The Given Diagnostic System, a wireless endoscopy system manufactured by Given Imaging, has revolutionized the diagnostic process for cancers and other disorders of the small intestine. Rather than relying upon invasive diagnostic equipment, the Given system is made up of the M2A Capsule Endoscope, a disposable miniature video camera contained in a pill-size capsule that is ingested by the patient. The capsule passes naturally through the digestive tract, remotely transmitting high-quality color images through a transdermal sensor and antenna network to a data recorder worn around the patient's waist.

The Given Diagnostic System has quickly gained acceptance among gastroenterologists for producing high-quality images of the small bowel without causing pain or discomfort. The system received clearance from the U.S. Food and Drug Administration in August 2001.

The Given system is designed to be flexible so that a patient can continue a normal daily routine including walking, driving and working. Therefore, the external antenna system must remain comfortable and secure for eight hours. The key to the system's success is to make certain the antennas, which pick up the transmitted data and forward it to the data recorder, are reliably adhered to the patient's skin.

To ensure the comfort and security of the antenna network, Given Imaging contacted Scapa Medical to devise a way in which the reusable antennas could be placed securely onto a patient's skin and then removed after eight hours without damaging the antenna or hurting the patient.

An Adhesive Solution

Scapa Medical worked closely with engineers and designers at Given Imaging to create a die-cut pocket device laminated with a medical-grade transdermal adhesive. Eight of these pockets, each containing a reusable antenna, are placed on the patient's abdomen before the test. Once the test is completed, the physician pulls apart the pocket to retrieve the antenna. The pocket is then removed from the skin and discarded.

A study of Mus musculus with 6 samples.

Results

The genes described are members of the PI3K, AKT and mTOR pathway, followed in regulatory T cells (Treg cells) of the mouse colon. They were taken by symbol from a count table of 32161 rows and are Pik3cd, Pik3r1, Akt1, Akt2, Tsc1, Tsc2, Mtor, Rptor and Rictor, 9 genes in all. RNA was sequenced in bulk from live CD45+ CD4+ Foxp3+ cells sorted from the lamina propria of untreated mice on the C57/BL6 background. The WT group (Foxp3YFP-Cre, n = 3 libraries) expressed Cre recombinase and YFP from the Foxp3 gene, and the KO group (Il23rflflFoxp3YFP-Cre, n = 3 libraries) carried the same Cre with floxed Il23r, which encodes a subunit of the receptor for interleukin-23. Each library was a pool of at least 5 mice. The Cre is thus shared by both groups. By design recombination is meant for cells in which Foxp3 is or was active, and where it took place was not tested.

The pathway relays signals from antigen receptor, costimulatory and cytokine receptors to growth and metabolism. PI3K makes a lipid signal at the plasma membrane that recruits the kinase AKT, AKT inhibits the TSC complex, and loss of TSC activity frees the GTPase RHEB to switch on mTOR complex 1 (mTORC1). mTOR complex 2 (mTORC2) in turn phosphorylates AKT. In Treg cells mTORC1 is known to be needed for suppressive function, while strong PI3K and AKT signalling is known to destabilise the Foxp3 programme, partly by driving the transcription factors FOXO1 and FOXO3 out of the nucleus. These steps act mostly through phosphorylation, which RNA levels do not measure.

The pocket consists of multiple layers of laminated materials including an adhesive layer. Engineers faced a number of challenges during the design process. For example, Given Imaging required that the pocket had to be flexible so as not to interfere with daily routines. The material also had to breathe to prevent sweat buildup that could erode the adhesive, causing the pocket to detach early and impair the results of a very costly medical test.

Scapa Medical selected potential materials and adhesives carefully so that the pocket could be designed for comfort and manufactured economically. The R&D process for the antenna pockets took just 15 months from initial discussion to design completion, a rapid turnaround given the complicated design and material selection process.

About Scapa Medical

Scapa Medical is a supplier of customized component materials and converted products to the global medical device, wound care, hospital, pharmaceutical, and beauty care industries. With years of adhesive, materials, and converting expertise, the company provides a range of customized products, both coated and non-coated, to fit a variety of specialty medical applications.